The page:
For Samantha ‘Sassie’ Economos, the shadow of depression was never far away. The hockey player and high school teacher recently realised a common thread among her family and friends: all were directly or indirectly touched by depression or suicide.
In partnership with beyondblue, Economos has decided to participate in the Sydney Morning Herald half-marathon in Sydney to raise mental health awareness.
“A lot of my friends suffered from depression. Me and my friends lost people as well,” she said.
Economos has collected $1200 and plans to raise more in the lead up to the 21.1 kilometre race.
“I know it affects a lot of young people, but it’s still a taboo topic, even though it’s a bit more spoken about. It’s an important cause to get out there.”
Despite training for hockey three to four times a week, she continues to exercise in her free time for the upcoming run.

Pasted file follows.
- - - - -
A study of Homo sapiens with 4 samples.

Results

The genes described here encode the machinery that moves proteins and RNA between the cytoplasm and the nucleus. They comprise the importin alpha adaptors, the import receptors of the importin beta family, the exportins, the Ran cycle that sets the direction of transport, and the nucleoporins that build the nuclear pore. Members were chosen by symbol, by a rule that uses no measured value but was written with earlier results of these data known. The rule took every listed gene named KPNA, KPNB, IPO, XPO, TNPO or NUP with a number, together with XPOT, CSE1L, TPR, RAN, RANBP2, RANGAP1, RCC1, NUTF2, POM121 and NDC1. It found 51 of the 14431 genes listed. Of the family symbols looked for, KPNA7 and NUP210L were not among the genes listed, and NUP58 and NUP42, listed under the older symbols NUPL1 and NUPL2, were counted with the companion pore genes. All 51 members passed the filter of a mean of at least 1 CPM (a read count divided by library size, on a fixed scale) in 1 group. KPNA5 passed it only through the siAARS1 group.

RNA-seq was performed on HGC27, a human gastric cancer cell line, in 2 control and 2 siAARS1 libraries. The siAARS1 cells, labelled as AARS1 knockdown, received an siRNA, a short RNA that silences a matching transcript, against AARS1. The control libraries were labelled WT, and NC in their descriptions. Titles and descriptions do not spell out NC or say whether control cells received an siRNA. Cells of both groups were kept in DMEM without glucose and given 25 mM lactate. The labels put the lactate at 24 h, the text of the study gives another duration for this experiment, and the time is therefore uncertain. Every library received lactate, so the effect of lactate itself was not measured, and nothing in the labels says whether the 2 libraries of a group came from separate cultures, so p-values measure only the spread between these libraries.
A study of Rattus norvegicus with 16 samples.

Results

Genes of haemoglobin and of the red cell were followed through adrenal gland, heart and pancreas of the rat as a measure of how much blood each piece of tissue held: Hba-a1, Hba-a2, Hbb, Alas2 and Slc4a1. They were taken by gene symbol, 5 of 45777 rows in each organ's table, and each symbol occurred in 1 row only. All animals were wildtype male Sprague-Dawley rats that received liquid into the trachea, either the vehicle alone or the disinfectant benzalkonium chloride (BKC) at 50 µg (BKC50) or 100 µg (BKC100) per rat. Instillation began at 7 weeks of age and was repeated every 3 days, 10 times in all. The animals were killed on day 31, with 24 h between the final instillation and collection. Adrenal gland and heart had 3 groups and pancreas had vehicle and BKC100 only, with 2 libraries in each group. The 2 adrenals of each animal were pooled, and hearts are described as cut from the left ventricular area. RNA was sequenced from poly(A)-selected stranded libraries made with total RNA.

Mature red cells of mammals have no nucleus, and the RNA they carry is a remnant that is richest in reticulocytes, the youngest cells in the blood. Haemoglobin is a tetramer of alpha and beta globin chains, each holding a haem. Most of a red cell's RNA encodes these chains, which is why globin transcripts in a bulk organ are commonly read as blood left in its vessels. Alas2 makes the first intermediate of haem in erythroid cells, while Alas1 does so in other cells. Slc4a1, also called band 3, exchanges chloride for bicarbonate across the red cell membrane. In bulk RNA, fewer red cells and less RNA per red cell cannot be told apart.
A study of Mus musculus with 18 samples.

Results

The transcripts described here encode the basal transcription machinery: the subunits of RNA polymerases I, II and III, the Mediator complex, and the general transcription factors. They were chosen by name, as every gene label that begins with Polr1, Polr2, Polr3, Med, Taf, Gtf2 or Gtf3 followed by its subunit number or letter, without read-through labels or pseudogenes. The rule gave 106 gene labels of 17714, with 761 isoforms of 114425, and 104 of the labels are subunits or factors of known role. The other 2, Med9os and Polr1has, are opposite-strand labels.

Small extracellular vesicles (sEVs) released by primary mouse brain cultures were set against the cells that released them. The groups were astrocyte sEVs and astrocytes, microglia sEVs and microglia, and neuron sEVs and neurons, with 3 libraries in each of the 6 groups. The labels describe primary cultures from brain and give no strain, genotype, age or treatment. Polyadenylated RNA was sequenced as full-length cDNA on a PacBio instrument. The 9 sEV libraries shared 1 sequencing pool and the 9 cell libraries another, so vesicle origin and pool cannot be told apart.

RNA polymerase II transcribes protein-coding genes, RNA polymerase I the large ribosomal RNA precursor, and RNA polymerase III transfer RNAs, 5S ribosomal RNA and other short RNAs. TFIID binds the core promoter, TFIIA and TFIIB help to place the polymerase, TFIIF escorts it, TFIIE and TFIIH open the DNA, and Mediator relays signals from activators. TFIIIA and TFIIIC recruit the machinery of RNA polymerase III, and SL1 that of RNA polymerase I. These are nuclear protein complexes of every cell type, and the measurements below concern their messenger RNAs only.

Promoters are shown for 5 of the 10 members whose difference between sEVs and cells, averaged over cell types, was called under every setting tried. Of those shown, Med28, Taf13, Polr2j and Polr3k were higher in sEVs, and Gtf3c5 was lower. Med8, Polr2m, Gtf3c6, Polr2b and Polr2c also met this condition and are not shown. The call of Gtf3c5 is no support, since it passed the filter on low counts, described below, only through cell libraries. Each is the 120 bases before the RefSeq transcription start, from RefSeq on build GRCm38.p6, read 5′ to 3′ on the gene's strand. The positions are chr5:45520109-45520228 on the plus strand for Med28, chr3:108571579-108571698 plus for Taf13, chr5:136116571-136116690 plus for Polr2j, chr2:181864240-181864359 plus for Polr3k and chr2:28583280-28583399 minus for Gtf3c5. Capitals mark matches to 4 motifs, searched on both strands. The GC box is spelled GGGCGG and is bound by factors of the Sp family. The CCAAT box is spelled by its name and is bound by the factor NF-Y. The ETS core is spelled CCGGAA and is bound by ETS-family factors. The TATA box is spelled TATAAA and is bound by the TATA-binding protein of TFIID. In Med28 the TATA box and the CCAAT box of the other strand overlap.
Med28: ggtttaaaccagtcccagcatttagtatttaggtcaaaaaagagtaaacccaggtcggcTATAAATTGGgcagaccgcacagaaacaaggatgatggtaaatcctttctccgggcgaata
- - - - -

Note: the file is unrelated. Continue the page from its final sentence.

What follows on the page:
As an athlete she says there can be pressures due to game performances and popularity, with some refusing to speak out about their mental health. She admits her coaches and team at the Tuggeranong Viking Hockey Club are “super supportive”.
“It’s great that Goulburn has opened headspace. We know that there are higher rates of poor mental health in regional areas,” she said.
beyondblue’s research and evaluation leader Dr Stephen Carbone says there is a growing awareness that mental health conditions, such as depression and anxiety, can impact sportspeople both at grassroots and elite levels.
“Sportspeople are just like the rest of us and while they’re fit and appear happy, they are not immune to conditions such as depression and anxiety,” he said.
“It’s wonderful that members of the community raise awareness about this important issue in a variety of ways.
“Sports clubs are an important part of our communities and they’re great places to raise awareness of mental health conditions.”
On May 21, the marathon will start at 6.45am on College Street in Sydney and finish in Hyde Park North.